On Friday (August 26), Jay Clayton, the former Chairman of the U.S. Securities and Exchange Commission (SEC),shared his thoughts on why it is taking so long to get a regulatory framework for crypto in the U.S.
Clayton’s comments were made during a conversation with Betty Quick, co-anchor of CNBC’s Squawk Box.
“Why is this so hard?… Look, there’s a number of factors and I think if we understand those factors, we are going to do a better job of moving forward, which we need to do. I’ll start at the end, which is that the technology underlying the crypto revolution — to use a load word — is going to come to finance.
“It’s so compelling from an efficiency standpoint and certainly standpoint that it’s going to come. The problem is how do we get there. And there’s a lot of factors that have driven difficulty to this. One is pure emotion. And people on both sides of this debate have plenty of evidence. There’s been plenty of fraud… People, on the other hand, see the power of this technology, the network effects… And how do we break that long tail?…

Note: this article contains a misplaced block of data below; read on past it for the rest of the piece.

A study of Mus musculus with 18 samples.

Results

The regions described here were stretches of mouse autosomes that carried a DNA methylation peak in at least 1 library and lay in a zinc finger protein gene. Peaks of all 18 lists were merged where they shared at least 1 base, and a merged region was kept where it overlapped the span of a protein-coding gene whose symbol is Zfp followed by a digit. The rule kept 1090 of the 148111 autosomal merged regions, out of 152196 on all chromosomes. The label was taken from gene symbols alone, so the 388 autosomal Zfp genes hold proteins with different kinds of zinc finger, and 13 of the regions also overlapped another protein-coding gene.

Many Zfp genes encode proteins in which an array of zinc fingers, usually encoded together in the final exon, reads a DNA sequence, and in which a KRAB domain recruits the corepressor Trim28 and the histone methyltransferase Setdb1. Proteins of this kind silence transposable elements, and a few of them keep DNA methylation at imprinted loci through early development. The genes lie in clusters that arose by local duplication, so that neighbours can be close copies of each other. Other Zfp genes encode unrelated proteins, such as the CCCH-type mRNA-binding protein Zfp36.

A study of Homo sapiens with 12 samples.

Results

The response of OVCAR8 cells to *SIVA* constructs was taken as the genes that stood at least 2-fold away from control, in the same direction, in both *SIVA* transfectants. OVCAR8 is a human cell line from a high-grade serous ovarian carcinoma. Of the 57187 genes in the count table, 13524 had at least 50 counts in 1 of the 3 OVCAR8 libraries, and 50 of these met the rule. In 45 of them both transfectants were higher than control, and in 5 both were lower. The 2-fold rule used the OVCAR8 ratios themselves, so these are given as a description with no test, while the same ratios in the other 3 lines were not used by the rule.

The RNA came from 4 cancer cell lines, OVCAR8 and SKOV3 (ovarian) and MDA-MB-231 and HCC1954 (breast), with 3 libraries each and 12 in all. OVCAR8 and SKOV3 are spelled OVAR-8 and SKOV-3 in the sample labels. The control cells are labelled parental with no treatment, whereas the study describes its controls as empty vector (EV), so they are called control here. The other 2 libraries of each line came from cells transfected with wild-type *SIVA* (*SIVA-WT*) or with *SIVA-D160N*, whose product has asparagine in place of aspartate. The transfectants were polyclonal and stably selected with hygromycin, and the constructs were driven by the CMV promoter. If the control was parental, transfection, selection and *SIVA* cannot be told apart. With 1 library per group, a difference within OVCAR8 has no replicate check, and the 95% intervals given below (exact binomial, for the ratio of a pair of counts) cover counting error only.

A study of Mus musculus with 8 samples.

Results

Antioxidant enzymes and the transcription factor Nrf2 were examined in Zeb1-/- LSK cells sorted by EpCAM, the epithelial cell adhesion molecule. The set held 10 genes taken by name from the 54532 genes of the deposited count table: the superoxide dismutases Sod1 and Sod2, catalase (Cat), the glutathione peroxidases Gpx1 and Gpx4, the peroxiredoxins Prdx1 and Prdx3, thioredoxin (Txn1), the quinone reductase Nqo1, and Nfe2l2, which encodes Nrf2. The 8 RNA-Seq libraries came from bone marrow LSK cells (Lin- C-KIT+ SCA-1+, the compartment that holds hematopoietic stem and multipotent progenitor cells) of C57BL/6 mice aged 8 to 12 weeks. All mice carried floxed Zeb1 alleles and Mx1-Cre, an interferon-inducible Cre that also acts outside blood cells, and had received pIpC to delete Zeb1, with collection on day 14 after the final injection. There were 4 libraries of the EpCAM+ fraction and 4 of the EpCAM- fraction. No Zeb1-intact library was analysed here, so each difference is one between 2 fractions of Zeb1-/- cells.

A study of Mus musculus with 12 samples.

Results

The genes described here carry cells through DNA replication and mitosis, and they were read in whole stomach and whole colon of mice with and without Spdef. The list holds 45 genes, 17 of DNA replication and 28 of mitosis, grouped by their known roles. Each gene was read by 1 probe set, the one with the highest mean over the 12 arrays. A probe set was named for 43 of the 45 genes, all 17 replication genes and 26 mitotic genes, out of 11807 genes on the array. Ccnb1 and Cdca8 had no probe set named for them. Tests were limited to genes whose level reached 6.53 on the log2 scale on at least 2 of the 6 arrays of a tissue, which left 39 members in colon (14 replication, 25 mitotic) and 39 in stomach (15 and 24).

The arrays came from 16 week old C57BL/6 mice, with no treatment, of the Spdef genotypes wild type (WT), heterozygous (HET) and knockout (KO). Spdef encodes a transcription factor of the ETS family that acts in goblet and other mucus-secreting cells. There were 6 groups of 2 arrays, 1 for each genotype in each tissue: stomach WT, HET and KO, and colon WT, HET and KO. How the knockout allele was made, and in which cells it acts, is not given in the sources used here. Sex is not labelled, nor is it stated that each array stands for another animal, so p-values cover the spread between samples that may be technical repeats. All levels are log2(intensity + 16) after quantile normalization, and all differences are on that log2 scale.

“Well, we recognise what’s driving this. One is raising money for ventures in the U.S. is largely an institutional exercise. We raise money for growth companies from institutions not from individuals. Crypto tried to raise money from individuals. We also largely regulate domestically. Crypto is a global innovation. So you have a regulatory overlay, which usually focuses on institutions, usually focuses domestically, and our product is global and retail.“
Quick then interrupted Clayton to say that to someone looking at the U.S. regulatory landscape from the outside it looks like there’s a turf war going on involving the various U.S. regulatory agencies. As for crypto entrepreneurs, she said that they were behaving like Silicon Valley entrepreneurs, moving quickly and breaking things, and leaving the regulators to deal with the mess they are creating.
Clayton replied that the problem with this kind of thinking by the crypto industry is that the SEC cannot give up the core of its financial regulation ability. He also mentioned that “regulatory co-ordination” is needed. He went on to say that one easy place to start is with regulation of stablecoins.